Philippines’ first utility scale battery for grid stabilization


The power arm of Philippines-based brewing-to-energy conglomerate San Miguel Corporation (SMC) is moving on its ambitious plan to deploy 1GW of batteries this year, with its first, 20MW/20MWh project now ready to provide ancillary services to the grid.

The Kabankalan battery is the first utility scale project controlled by a grid operator in the Philippines and the first operational energy storage asset on the Visayas regional grid, which hosts the largest amount of solar generation capacity in the country.

Kabankalan is also the first energy storage system in a 470MW/470MWh portfolio German and U.S.-owned energy storage joint venture Fluence has been contracted to supply and maintain for the SMC Global Power unit of the Filipino conglomerate.


The company's battery portfolio started to take shape last year when SMC revealed it was nearing completion on projects nationwide. It announced 31 batteries would be deployed this year, not only to improve power reliability and help frequency control, but also to pave the way for the integration of 3GW of intermittent renewables capacity.

At the time, SMC president Ramon See Ang said his company would build solar plants in combination with battery storage at 10 locations. These are scheduled to go online by next year.

Kabankalan is the first battery in SMC's portfolio to enter commercial operation. The project was unveiled last year when Fluence said it had commissioned two 20MW/20MWh batteries for SMC Global Power. With project sites ranging in size from 20-60MW, the SMC portfolio procured with Fluence is spread across 13 sites.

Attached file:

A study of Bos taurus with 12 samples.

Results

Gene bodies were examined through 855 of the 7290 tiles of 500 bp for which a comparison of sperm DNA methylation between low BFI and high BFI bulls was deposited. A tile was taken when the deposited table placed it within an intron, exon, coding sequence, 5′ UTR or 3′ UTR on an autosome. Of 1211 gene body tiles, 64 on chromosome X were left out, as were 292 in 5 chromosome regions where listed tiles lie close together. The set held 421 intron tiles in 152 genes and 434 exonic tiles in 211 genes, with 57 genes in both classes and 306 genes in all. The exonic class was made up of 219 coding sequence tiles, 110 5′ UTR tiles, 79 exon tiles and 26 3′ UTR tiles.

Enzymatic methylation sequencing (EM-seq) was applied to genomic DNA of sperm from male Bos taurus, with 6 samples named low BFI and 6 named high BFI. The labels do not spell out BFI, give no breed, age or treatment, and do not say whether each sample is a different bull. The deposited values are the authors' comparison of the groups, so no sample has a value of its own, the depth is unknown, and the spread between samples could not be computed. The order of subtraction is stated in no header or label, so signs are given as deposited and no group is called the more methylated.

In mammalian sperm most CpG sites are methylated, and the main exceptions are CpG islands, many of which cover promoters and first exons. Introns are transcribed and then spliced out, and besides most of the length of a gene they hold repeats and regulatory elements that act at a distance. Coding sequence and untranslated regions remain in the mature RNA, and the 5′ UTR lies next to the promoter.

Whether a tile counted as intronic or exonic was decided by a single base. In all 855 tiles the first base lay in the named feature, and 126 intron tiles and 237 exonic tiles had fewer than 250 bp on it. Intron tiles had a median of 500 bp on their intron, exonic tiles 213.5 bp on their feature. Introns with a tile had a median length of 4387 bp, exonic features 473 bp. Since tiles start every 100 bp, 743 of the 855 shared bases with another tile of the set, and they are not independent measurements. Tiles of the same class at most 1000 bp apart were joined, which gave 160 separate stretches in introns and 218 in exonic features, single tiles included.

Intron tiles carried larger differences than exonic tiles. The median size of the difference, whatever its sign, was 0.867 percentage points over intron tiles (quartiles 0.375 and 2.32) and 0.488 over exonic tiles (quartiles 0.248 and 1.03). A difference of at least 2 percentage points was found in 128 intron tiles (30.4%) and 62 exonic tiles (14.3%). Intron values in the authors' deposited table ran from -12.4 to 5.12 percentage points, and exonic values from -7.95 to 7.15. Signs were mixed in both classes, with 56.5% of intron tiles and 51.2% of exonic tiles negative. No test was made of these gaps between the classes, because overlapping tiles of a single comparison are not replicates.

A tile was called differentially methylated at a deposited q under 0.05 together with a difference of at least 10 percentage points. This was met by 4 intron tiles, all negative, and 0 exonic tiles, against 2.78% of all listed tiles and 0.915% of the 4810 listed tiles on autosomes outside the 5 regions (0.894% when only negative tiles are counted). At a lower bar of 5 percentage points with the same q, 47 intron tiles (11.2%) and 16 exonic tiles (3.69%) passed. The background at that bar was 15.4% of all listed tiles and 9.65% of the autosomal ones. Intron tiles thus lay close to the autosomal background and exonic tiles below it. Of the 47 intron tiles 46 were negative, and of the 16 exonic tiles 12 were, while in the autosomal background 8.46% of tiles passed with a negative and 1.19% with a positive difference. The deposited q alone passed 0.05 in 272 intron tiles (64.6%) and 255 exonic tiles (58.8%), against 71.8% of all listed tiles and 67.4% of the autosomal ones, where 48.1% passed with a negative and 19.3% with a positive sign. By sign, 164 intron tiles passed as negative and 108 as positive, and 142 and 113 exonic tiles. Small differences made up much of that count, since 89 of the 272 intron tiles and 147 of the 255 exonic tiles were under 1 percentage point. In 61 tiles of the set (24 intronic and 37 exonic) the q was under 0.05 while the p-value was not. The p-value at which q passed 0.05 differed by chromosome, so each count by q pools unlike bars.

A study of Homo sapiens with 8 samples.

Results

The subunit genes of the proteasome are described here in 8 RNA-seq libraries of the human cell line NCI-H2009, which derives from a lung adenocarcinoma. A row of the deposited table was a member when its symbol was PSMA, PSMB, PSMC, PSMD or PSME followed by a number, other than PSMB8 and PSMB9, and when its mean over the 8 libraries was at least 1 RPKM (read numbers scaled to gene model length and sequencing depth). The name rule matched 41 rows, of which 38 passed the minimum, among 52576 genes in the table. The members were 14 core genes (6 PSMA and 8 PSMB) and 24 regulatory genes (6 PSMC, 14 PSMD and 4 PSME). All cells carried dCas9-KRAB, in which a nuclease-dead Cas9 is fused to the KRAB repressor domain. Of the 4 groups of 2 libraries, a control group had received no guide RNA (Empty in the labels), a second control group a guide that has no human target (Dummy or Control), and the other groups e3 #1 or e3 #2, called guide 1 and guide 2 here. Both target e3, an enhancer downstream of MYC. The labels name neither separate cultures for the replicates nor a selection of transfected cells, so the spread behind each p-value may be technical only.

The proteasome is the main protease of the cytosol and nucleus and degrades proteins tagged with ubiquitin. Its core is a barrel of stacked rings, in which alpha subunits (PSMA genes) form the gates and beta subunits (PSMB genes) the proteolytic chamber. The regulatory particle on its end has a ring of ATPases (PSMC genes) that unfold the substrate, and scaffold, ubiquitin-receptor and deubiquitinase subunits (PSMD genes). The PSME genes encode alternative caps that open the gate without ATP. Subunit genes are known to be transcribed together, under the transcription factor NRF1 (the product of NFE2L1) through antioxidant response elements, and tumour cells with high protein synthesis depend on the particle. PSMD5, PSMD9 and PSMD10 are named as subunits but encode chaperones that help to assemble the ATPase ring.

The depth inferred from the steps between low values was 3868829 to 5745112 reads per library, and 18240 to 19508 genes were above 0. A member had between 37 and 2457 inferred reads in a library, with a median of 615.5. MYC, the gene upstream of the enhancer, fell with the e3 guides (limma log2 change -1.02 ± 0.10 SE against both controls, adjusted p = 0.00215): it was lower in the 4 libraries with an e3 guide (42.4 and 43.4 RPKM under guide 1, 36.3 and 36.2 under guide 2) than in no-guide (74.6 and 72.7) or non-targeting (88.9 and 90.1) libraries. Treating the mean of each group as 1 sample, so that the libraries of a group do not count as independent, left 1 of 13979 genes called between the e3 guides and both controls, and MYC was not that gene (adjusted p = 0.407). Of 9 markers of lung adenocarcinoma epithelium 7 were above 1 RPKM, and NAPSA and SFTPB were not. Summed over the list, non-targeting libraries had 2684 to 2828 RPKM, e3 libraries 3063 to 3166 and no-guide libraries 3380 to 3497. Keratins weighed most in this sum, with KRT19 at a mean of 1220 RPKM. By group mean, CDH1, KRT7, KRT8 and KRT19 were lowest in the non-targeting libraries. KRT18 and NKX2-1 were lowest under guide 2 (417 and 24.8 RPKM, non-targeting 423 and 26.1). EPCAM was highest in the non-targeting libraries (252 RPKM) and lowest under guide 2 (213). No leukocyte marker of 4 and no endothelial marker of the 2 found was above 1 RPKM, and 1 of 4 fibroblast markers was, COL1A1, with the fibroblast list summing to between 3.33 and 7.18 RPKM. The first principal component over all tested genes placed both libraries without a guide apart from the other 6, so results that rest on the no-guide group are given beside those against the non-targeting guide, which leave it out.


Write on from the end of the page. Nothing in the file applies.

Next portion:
The new system is the first such asset in the country to be directly controlled by the National Grid Corporation of the Philippines, using automatic generation control to provide grid stabilization services including managing frequency and voltage, and supplying reactive power. Such services are critical for ensuring the stability of regional electricity grids across the Philippines which are often plagued by power outages.


Fluence said the Kabankalan project was delivered on time despite challenges stemming from the Covid-19 pandemic, including supply chain delays, worker travel restrictions and coordinating construction amid complex on-site rules.

“Each new battery asset we and SMCGPH [SMC Global Power Holdings] bring online strengthens the Philippine grid, adding flexibility in the right places and with the right capabilities to support the nation’s energy transition,” said Fluence president for Asia-Pacific, Jan Teichmann. Fluence will continue deploying storage systems for SMC’s portfolio of projects across the Philippines through July, with additional facilities planned for commissioning and testing in “early 2022.”

SMC’s battery-based energy storage portfolio is reportedly the largest such procurement to date in Southeast Asia.